Is Buying a Home a Good Financial Investment?

We’ve all heard the lecture from friends and family who insist that buying a home was the “best investment” they ever made. Some of the most common claims are that it saves you money in the short-term and makes money long-term. But how valid are our perceptions of homeownership? Is buying a home a good investment in your future?

Is Buying a Home a Good Financial Investment?

The answer is complicated. For one thing, a home is not literally an investment in the financial sense of the word. Here’s why: an investment is an asset you acquire with the goal of generating future income. Stocks and bonds fit that description quite well; however, the money you put into a home rarely ever turns a profit.

While the housing market generally isn’t as volatile as other markets, individual home ownership does come with its own set of risks. The value of a home fluctuates quite heavily depending on several environmental factors such as location, liquidity, and area wage growth. We also know, based on the 2008 financial crisis, housing prices don’t always go up—so tying your financial security in your home can spell disaster.

Home equity is a homeowner’s interest in a home, which can increase over time if property values increase or the owner pays off their mortgage. It’s calculated by subtracting the amount owed on the home (i.e. mortgages and loans) from the home’s value. Forbes believes home equity is “unsafe, illiquid and its rate of return is always zero.” This is true for a variety of reasons such as housing inflation and banks restricting how much equity you can take. According to Robert Shiller, who won a Nobel prize in economic science, home prices have only risen .3% from 1890-2014. So while you may love your home, the chances that it will make you money in the long run are pretty slim.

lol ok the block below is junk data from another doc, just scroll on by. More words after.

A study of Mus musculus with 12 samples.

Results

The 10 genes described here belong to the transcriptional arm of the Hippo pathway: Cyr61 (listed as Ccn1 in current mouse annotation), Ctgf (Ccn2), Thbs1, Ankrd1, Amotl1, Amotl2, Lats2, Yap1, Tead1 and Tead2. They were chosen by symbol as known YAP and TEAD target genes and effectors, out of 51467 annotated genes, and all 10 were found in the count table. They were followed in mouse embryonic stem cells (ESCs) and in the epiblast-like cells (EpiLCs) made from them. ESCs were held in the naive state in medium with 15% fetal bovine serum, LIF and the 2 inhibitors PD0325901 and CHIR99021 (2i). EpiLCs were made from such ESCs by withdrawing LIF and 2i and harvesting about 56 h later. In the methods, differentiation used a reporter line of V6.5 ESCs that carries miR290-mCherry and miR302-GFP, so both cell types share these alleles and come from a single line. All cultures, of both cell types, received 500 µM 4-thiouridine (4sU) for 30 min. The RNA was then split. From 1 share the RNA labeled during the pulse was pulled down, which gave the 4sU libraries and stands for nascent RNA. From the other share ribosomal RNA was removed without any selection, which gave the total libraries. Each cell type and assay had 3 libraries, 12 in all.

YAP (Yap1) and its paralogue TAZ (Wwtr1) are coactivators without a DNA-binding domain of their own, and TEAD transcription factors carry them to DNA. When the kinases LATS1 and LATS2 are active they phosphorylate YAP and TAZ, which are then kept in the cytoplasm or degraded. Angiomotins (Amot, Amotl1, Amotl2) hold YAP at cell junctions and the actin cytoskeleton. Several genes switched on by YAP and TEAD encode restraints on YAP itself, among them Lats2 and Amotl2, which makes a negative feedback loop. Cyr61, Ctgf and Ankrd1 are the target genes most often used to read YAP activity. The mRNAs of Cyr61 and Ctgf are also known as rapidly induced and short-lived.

Though investing in your home is a tricky business, it can still absolutely be a worthwhile and sound financial decision. After all, 64.2% of Americans are homeowners and real estate agencies are flourishing. Many young men and women choose to buy homes as they desire a stable place and good community to raise their families in. And depending on when you buy and where, buying a home can be cheaper than the alternative of renting a home or apartment.

With all that in mind, do your research and don’t feel pressured into buying a home. Understand the limits of home investments so you can make the best financial decision for your future.

About Denise Lockwood 833 Articles
Denise Lockwood has an extensive background in traditional and non-traditional media. She has written for Patch.com, the Milwaukee Business Journal, Milwaukee Magazine and the Kenosha News.